Two Pints @ Chicago Shakespeare Theater

3.5 out of 4 stars


Dangerously funny and wickedly relatable, Roddy Doyle exposes the human condition in his work Two Pints. Set in The Pub at Chicago Shakespeare Theater, audiences listen in on the conversation between two men at a bar which over the course of a few rounds, their characters’ banter evolves from ramblings about tonsils and TV carpark shows to life and death.


A charming slice of Dublin right in Chicago! Irish novelist, dramatist and screen writer Roddy Doyle is exemplary! A wonderful exploration of Irish culture through honest language and witty comedy. Doyle explores the working man’s life and experiences. He brings theater’s intrinsic nature back to us through utilizing the power of listening as the crux.


This intimate performance feeds off the site-sympathetic space. Dublin city bunting hangs from the rafters while you order from the bar prior to show and during intermissions. Niel Murray and Graham McLaren, directors of Abbey Theatre and Two Pints’s original run, recruited Caitríona McLaughlin to direct this site-specific production and tour it to pubs all around Ireland. It sounds like the National Tour was set up to bring the play about the working man directly to the working man. Bringing theater to the countryside and involving an audience otherwise left out


An excited mummer mounts to a raucous right before first cue in the small pub. Two of Ireland’s leading actors take center stools: Liam Carney and Philip Judge. The pair play wonderfully off each other and creating such a natural pacing for Doyle’s work. The piece’s tone rises and falls with each segment. Banter falls weigh side to character development told through hopes, fears, and reality. It builds and swells making the entire piece endearing and reflective. Carney has an extensive career in film including roles in Braveheart, Gangs of New York and Roddy Doyle’s The Commitments. Judge recently had a critically acclaimed run in the titular role of King Lear at the Mill Theatre and numerous TV credits including Ripper Street.


With minimalist theater performances like this once, I always am fascinated by any secondary characters. The bartender played by Laurence Lowry is an ever present character either reading, balancing the money drawer or doing the crossword. It’s a silent, yet vital role into the concept of comfort and silent support. Amid the laughs and meandering conversation there is a palpable reality that hits you in the gut. The unrelenting passage of time hones in on these two middle aged men truly asking “what’s the fucking point of it all”? The Irish questioning existence is Waiting for Godot with a pint to kill time. Doyle illuminates the concept that is often not highlighted enough and I have only ever witnessed first-hand. The community of the Irish pub. Seeing your friends, your neighbors, your community often enough that they become your second family. Trauma or death is only bearable by the support you receive – like everything in life it’s about the ones that affect you along the way and this production empathetically does that.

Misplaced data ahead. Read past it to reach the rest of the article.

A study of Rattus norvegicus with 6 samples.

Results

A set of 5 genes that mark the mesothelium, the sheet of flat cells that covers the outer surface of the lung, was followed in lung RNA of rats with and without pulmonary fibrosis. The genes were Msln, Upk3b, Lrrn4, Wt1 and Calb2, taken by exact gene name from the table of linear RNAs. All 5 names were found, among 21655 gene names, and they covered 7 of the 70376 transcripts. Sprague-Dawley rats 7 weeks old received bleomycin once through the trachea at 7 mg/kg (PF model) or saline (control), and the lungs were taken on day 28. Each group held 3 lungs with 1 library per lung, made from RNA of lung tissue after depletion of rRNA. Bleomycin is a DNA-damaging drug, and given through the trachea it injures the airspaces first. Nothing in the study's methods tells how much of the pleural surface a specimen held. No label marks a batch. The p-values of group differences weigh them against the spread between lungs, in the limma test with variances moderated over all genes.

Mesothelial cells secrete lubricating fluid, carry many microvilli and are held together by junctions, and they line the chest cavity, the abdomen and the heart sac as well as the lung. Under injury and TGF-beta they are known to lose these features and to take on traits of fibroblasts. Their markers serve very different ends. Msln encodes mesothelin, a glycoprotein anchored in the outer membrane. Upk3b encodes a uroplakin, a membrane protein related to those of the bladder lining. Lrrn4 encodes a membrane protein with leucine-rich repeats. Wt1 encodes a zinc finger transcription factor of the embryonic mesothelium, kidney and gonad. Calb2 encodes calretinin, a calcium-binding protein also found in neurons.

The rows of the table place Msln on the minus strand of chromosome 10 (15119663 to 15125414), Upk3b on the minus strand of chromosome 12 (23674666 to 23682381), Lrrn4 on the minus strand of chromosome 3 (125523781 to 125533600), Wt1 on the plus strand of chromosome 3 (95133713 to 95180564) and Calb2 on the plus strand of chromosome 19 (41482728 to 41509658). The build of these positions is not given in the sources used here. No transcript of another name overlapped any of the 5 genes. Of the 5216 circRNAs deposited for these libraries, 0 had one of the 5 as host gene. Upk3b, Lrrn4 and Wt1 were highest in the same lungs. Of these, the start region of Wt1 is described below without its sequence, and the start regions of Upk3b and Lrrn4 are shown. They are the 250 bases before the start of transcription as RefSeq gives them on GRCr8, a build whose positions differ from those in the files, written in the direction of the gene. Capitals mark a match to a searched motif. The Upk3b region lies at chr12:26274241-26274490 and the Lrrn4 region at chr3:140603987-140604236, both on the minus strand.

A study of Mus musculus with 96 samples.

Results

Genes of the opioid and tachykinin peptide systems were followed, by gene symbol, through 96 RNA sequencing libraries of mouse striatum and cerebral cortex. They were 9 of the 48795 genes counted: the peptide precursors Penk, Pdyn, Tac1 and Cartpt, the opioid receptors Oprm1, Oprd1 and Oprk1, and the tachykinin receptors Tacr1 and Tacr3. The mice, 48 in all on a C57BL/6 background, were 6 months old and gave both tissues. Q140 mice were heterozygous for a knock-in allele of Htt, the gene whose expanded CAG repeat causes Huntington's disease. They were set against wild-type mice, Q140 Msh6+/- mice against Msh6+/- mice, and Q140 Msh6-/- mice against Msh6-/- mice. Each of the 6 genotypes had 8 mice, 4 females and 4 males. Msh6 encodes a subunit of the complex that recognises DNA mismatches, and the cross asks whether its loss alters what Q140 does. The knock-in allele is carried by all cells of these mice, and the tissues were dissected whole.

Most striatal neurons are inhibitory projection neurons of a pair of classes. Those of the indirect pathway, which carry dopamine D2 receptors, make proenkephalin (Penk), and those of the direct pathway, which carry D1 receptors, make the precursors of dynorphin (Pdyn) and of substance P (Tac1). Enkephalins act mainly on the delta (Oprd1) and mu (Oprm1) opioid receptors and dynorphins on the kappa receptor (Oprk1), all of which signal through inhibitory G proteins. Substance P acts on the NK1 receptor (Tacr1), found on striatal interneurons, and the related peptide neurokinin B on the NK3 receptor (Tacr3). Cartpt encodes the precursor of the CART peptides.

The lighting scheme in such a small space was also something I would really like to highlight. Four small tungsten spots are staggered in an isosceles trapezoid format. The perfect portable scheme for variable settings. It gives the most direct light without being harsh and lightening corners ever so slightly – the dim light where the ever-present bartender leans. The warm tungsten tones adds to the overall dim and cozy feeling pubs often have. The blocking was also phenomenal as the simple rotation of seats and by the third Act to have both men standing primarily leaning back on the bar and facing the audience. The masculine vulnerability transitioning from private talks to openly faced conversations when intoxicated. An interesting choice – almost as if an alcohol infused metaphor for the drum beats on.


Two Pints has an honesty that flows as much as the Guinness’s do. King Richard is found in a parking lot. A sad looking woman is attractive while a sad looking man is a cu*t. A death as per Irish literary tradition. Doyle’s work is deeply evocative and relatable to the human spirit. This production is so much more than seeking solace at the bottom of a pint glass – it’s about who you share the pint with.

Two Pints is playing now through March 31st, 2019 in The Pub at Chicago Shakespeare Theater. For more information or to purchase tickets, please contact CST’s Box Office at 312-595-5600 or

Two Pints US Tour is sponsered by Culture Ireland.

Philip Judge laughs heartily in conversation with Liam Carney in the Abbey Theatre’s  Two Pints,  written by Roddy Doyle. Photo by Ros Kavanagh.

Philip Judge laughs heartily in conversation with Liam Carney in the Abbey Theatre’s Two Pints, written by Roddy Doyle. Photo by Ros Kavanagh.

Mary Crylen is a photographer and writer based in Chicago. She is an alum of Southern Illinois University of Carbondale with dual degrees in English and Photography. She possesses a sincere passion for the arts and believes zeal shows through work. Follow her on Twitter!